Aaron Carter (album)
Aaron Carter is the first and self-titled debut album of pop singer Aaron Carter, brother of Backstreet Boys member Nick Carter. It was originally released in December 1997 in Europe and re-released the next year with a new song and a remix, as well as being released in the United States in the summer of 1998. The original version of the album was also available as a limited edition including a poster and a pen that had written on the side, "I Love Aaron", available in red, yellow, green or blue.
The album reached the top 10 in some European countries, and reached #12 in the United Kingdom. While it did not chart on the U.S. Billboard 200, it did manage to reach #17 on the US Top Heatseekers chart.
Three singles were released from the album; "Crush on You", a cover of The Jets' 1985 song, "Crazy Little Party Girl", and "I'm Gonna Miss You Forever". Other songs were released as limited edition singles in some regions. "Crush on You" and "Crazy Little Party Girl" went top 10 and 20 respectively in Australia, while both went top 10 in the UK. All three singles went top 20 in Germany and Sweden, with "I'm Gonna Miss You Forever" peaking at #24 on the UK Singles Chart.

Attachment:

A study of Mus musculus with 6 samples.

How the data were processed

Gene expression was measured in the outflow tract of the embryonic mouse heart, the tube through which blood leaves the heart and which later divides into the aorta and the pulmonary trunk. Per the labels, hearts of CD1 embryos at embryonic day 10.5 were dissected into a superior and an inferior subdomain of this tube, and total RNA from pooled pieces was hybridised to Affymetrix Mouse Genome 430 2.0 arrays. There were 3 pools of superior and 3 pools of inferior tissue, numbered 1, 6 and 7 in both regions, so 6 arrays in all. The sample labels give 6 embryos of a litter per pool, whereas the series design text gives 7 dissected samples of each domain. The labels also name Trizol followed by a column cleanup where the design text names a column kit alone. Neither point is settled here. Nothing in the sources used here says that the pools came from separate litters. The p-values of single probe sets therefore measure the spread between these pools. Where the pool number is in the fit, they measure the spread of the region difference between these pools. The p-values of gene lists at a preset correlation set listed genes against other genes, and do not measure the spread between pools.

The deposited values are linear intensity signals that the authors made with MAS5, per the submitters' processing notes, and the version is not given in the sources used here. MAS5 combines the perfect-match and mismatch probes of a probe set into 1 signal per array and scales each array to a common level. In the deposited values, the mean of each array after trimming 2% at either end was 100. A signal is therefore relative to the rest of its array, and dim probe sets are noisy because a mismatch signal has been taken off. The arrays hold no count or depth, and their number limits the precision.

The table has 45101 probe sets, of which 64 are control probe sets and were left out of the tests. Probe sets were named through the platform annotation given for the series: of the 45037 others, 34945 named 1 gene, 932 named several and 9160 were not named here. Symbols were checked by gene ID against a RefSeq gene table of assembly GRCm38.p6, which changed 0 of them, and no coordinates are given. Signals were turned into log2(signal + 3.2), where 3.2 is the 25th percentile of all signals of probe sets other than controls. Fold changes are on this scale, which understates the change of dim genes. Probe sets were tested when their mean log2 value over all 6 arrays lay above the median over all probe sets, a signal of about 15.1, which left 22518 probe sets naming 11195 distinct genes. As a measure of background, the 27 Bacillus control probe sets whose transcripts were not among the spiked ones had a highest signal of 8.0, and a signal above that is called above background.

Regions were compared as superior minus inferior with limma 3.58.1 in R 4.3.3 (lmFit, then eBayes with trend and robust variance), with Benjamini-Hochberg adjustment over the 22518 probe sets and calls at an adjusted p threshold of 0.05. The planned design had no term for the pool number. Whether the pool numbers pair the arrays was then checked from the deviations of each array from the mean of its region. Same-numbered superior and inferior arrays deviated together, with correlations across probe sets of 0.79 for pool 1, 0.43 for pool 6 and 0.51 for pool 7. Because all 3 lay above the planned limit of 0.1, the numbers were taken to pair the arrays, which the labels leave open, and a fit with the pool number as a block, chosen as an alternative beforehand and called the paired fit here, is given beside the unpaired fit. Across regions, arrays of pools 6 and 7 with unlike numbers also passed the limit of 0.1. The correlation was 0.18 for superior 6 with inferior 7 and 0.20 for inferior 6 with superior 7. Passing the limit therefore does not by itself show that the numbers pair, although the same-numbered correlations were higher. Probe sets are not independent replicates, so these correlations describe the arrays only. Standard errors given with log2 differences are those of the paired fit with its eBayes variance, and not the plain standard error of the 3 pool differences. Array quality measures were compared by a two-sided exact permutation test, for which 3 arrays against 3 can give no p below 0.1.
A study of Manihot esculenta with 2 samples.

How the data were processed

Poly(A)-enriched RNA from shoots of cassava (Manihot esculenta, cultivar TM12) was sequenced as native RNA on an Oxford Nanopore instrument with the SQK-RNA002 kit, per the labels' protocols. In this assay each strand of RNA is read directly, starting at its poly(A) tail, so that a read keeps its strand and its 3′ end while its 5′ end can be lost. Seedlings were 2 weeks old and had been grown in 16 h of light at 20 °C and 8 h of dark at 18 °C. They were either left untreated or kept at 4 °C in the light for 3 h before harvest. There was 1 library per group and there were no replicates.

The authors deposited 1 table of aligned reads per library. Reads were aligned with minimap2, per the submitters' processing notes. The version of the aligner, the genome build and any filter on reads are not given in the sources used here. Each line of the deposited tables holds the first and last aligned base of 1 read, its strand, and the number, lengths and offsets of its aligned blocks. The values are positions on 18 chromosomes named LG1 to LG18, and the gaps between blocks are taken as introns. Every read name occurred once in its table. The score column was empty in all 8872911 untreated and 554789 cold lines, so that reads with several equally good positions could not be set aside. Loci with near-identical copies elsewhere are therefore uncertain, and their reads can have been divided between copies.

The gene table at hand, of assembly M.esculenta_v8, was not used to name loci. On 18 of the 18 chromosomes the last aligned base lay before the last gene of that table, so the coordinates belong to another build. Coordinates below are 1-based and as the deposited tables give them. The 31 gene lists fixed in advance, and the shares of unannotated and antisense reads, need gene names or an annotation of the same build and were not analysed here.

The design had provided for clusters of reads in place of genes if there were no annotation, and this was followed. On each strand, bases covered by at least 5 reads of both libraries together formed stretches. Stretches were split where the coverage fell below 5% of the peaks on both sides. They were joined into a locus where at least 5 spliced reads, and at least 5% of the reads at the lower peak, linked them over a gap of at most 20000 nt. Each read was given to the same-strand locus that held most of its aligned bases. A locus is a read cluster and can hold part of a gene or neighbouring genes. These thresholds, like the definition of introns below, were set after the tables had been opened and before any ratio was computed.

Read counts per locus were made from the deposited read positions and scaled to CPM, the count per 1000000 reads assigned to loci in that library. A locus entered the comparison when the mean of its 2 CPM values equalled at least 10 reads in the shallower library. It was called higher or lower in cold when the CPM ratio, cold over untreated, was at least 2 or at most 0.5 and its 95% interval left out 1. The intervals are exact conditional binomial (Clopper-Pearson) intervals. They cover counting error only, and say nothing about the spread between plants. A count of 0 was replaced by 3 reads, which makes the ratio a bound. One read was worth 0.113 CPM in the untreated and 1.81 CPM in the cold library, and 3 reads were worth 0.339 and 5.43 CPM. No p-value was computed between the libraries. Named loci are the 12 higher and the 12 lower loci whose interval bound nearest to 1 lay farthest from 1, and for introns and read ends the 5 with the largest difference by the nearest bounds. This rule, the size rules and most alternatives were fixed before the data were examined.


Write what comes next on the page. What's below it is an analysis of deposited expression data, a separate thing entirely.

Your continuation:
"Surfin' USA", a cover of the 1963 song by The Beach Boys, was later included on the re-release edition of the album, and released separately as an EP, and went top 20 in the UK and Germany.
When the album was first made available to purchase on iTunes, it strangely featured a Parental Advisory label next to the songs. This was changed to a "clean" label at a later date; however, no "explicit" version exists, as none of the songs actually feature any profanity or suggestive themes, partly due to Carter's age at the time and intended audience.
Famous quotes containing the word carter:
“Our decision about energy will test the character of the American people and the ability of the President and the Congress to govern this nation. This difficult effort will be the moral equivalent of war, except that we will be uniting our efforts to build and not to destroy.”
—Jimmy Carter (James Earl Carter, Jr.)